Getting Your Company To Care About Content Marketing

under Content Marketing.


If this isn't where you are right now, you might be one of the aforementioned people who knows what content marketing is, but can't get buy in from your business to make it happen. Aside from it being frustrating when you don't get your way, you're also privy to the fact that your business is missing out on lucrative opportunity to leverage its name in the online space. How do you fix that? You need to get your facts together and create a compelling argument in favor of content marketing.

Start By Telling A Story

You want your company or boss, stakeholders or partners to care about content marketing, so you need to make it relevant to them. Tell them a story about how content marketing can weave itself into the company dynamic, align with business goals and actually grow the reputation of the brand in a meaningful way. Stakeholders want to hear about money, so if you let them know from the beginning that enhanced brand awareness can equal an increase in sales and that content marketing can help them achieve this, you'll have their undivided attention.

Speak to the Benefits

How does content marketing actually benefit the business? Provided you are creating and delivering exceptional content that is relevant to your industry, and you're also posting it to relevant sites and social networks within your niche; you'll find that people will naturally be attracted to what you have to share. It's something that they're already interested in, but you're just making it cooler. Think of all the motivational images that are shared on Facebook; people go crazy for that stuff and some of it isn't even that well designed or thought out. If you actually put some thought and effort into it, you can create content that could potentially go viral. If it doesn't, you could always use it somewhere else.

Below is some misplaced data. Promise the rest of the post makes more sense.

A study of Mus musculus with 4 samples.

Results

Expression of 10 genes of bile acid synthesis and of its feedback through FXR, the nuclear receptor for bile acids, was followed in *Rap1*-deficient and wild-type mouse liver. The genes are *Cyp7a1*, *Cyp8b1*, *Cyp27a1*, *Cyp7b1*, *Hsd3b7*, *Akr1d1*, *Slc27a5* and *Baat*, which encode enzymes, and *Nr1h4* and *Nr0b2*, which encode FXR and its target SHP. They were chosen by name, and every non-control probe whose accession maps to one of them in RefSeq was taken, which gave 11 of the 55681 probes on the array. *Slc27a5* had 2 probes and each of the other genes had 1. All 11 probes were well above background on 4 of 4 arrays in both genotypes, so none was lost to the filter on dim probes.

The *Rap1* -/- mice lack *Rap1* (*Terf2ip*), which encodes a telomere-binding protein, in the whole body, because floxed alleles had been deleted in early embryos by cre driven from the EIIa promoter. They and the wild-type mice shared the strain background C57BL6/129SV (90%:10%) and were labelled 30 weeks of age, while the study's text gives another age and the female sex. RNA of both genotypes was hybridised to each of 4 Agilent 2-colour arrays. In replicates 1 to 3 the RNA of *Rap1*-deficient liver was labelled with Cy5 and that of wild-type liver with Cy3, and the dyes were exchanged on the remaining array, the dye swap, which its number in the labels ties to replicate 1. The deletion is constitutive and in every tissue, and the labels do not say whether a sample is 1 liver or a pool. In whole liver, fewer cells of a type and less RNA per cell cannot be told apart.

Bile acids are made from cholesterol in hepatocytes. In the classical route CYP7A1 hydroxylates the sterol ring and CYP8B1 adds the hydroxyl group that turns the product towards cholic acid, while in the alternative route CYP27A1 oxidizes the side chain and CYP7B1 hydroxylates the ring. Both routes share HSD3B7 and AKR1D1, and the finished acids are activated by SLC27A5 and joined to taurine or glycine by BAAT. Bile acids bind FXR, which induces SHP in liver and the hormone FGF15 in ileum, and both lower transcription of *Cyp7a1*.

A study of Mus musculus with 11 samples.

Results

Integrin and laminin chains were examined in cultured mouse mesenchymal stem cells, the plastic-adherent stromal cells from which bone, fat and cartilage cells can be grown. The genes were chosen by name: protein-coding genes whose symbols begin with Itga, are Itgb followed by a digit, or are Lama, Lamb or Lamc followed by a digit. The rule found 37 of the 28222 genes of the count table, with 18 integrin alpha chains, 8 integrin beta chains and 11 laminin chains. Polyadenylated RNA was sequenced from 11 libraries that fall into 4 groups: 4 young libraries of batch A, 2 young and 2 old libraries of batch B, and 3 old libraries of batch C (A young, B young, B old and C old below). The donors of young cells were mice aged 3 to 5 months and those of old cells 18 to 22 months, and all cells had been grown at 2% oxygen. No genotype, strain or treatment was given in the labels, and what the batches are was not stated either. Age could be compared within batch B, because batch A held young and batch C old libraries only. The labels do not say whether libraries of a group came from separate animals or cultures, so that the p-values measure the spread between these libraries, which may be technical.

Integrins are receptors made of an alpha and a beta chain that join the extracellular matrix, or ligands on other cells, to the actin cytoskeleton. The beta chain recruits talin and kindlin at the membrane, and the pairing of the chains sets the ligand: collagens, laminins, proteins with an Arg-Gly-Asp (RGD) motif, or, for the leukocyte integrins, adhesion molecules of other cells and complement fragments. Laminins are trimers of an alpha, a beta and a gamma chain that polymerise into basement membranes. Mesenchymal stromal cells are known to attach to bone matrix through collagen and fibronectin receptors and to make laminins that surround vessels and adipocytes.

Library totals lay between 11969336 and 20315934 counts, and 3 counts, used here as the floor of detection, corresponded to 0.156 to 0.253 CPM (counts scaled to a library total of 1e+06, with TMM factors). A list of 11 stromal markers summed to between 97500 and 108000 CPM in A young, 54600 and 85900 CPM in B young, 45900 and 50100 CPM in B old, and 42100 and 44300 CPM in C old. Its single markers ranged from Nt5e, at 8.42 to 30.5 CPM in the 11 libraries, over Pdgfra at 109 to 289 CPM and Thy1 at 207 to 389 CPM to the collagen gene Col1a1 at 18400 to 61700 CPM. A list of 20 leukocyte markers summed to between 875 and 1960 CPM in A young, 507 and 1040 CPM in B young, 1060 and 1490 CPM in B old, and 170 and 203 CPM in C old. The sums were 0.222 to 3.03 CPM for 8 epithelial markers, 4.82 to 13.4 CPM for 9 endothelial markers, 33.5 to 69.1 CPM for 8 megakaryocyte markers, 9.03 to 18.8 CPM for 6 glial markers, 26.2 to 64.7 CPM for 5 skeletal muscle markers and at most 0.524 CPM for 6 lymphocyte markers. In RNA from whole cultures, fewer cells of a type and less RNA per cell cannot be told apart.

Extensions To Your Campaigns

Your content marketing ideas can be built into whatever marketing campaigns you're already running or could dictate how they should unfold. You can use various elements of content marketing to add substance to your campaigns or to boost user engagement. It's not that you need to come up with something completely new, you're just adding to your initial ideas with some more flavor.

Content Never Dies

Once you've developed a secure and compelling content marketing campaign, and you've released your content into the ether, you'll see a definite spike in engagement within a short space of time. But it doesn't end there. Once your content is seeded, it grows roots and makes itself comfortable in a space fertilized with low competition keywords. Over time it'll find a place within search results and new, relevant content that's added to your site will continue to bring people back. Having a plethora of awesome content to sift through is comforting and it'll continue to provide pleasure to your users for years to come.

Case Studies Always Win

Even if you don't have case studies of your own, you can borrow one or two from the magical worldwide web. People are doing incredible stuff with the tools at their disposal, so it won't be difficult to find some persuasive statistics that'll win your boss over. Do a Google search for content marketing success stories or content marketing case studies and read through some of the amazing stuff that's being done and how it's worked out in terms of success.

Put It All Into Practice

Perhaps you can organize a budget for a trial run or you might go so far as to do it in your "spare" time and present the results after a month or two of running your first content marketing campaign. If you choose to act on either of these, make sure you cover the following aspects:
Research and discovery - do the legwork to find the best content means to answer to your business problem
Compile - construct a watertight plan
Execute - go out there and make it happen
Report - put all the numbers together and report back on your success

Have you encountered brick walls when trying to sell content marketing to your boss? What did you do to get around it?